The project

Mosquitoes are notoriously dangerous, responsible for over one billion cases of disease and around a million deaths each year. Malaria alone kills more than 400,000 people each year and viruses carried by mosquitoes, such as yellow fever, dengue and zika, are emerging, spreading and increasingly impacting on human health. 

To tackle these crippling global diseases requires targeted control of their vector, the mosquito. This in turn relies upon detailed knowledge of the distribution, diversity and abundance of mosquitos in space and time. Current mosquito survey methods are time consuming, expensive, spatially limited and can put those conducting them at risk of catching the vector borne diseases they are trying to prevent. Consequently, there is an urgent need to find new, automated and reliable survey methods.  

HumBug is our response. We have developed a new system to detect and identify different species of mosquitoes using the acoustic signature (sound) of their flight tones captured on a smartphone. By using sound to identify different species, this new system can generate unprecedented levels of urgently needed high-quality, spatially accurate mosquito occurrence data without incurring any risk to those conducting the surveys. It is low cost, running on budget smartphones using our MozzWear app. The app captures and records the mosquito flight tones employing the inbuilt phone microphone as an acoustic sensor. The recordings, along with the time and location, are uploaded by the app to a central server where the species is identified using a suite of algorithms that distinguish between species according to their acoustic signature.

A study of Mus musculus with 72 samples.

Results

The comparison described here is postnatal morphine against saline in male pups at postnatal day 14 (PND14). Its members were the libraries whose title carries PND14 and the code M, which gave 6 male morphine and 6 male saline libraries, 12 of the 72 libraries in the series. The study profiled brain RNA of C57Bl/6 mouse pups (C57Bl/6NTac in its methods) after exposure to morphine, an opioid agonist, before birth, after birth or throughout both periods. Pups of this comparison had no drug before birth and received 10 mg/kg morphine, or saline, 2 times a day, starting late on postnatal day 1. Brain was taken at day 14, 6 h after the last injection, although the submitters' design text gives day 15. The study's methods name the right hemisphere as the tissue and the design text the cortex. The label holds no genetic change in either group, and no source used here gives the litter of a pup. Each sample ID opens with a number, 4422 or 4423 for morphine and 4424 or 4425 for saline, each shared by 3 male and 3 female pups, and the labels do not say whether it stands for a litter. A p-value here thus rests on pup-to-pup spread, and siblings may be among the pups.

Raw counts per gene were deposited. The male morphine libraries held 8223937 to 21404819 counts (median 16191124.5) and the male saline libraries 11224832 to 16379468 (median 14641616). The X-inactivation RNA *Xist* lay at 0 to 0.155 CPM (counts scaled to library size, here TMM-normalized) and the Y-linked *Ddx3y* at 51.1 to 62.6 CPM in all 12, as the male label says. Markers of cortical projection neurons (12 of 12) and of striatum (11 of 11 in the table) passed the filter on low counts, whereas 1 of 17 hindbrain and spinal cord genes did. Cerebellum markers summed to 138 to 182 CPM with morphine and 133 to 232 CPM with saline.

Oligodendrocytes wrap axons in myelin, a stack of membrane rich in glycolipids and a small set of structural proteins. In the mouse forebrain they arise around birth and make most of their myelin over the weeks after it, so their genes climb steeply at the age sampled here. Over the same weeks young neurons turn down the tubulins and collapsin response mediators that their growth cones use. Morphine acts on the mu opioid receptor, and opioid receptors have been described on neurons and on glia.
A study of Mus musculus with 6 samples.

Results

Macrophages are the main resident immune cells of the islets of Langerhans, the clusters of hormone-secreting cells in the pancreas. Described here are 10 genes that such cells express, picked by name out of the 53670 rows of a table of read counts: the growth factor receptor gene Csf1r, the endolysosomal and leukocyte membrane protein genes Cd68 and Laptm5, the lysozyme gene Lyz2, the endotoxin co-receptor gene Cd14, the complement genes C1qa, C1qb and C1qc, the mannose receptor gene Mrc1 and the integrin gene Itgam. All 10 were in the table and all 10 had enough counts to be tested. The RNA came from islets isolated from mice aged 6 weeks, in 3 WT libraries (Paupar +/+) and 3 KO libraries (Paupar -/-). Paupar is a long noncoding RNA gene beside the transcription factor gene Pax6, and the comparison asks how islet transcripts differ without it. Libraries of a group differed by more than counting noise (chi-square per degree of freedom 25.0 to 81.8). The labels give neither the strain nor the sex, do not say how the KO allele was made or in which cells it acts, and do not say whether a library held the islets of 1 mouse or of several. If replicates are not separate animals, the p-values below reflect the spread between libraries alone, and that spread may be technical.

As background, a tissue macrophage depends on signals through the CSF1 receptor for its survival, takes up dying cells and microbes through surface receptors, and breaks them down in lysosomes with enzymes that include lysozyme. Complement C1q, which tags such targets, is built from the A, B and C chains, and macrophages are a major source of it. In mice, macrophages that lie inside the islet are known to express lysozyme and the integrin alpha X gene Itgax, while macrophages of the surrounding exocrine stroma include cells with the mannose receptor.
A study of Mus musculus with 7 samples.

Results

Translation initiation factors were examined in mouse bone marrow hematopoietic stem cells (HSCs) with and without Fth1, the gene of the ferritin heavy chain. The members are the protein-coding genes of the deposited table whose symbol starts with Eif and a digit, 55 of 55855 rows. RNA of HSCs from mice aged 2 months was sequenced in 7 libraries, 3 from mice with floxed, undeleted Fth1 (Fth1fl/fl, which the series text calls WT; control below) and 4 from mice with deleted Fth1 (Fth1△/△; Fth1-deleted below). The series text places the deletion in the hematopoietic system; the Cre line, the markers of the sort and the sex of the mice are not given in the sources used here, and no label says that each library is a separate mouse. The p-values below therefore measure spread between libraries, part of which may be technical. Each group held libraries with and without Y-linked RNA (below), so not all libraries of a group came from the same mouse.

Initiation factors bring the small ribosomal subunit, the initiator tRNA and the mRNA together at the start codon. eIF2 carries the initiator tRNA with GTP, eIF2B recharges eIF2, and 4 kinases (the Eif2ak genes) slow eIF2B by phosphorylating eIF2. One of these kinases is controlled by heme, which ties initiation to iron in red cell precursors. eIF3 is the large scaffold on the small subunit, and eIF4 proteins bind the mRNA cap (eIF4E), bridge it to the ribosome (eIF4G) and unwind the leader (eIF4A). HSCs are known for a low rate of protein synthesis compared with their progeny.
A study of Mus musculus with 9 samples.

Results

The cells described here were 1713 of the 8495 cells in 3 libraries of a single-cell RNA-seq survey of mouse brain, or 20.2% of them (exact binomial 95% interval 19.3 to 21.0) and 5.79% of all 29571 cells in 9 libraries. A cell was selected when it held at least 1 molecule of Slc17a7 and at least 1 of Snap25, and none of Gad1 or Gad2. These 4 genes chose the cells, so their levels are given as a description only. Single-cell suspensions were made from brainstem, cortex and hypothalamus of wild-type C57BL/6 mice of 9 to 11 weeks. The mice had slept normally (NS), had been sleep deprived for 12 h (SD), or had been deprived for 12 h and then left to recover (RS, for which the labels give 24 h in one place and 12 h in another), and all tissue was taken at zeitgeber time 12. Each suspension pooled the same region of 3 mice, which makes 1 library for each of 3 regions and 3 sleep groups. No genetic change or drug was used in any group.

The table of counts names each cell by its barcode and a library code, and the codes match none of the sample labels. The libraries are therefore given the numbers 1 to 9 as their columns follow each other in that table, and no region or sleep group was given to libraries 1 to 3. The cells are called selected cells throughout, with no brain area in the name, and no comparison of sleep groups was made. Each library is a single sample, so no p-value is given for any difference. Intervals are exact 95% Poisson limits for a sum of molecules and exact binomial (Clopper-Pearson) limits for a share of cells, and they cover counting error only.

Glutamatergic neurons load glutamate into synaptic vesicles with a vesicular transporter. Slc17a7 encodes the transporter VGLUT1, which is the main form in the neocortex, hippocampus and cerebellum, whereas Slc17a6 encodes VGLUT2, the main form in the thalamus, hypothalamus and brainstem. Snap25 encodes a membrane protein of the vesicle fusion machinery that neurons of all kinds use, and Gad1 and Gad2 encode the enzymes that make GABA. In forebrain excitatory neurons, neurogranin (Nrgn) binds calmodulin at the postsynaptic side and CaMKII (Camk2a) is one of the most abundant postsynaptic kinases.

humbug workflow diagram

Figure 1: HumBug project workflow


We have now received funding from the Bill and Melinda Gates Foundation to take this project a step further and test the HumBug system in rural communities in Tanzania and the Democratic Republic of Congo. Working in collaboration with the Ifakara Health Institute and the Kinshasa School of Public Health we aim to:

  1. Conduct extensive field trials to compare and evaluate our methodology with other vector monitoring methods
  2. Establish the feasibility of using our system to monitor mosquitoes in data poor areas where it is difficult to conduct traditional surveys
  3. Integrate cell phone-based airtime or cash payments into the MozzWear app to facilitate community involvement in HumBug mosquito surveys
  4. Develop a web-based platform with vector occurrence and abundance data

Our ultimate goal is to provide high quality, real-time data on the diversity, distribution and abundance of mosquitoes for:

  1. Health care practitioners to better target mosquito control methods
  2. Health policymakers to enhance more effective intervention policies 
  3. The academic community, providing unprecedented levels of occurrence, behavioural and ecological mosquito data

On these pages you can find more about this exciting project, its people and our outputs. If you are interested in working with us, if you have data that you can share, or if you would like to know more about this research, please don't hesitate to contact us.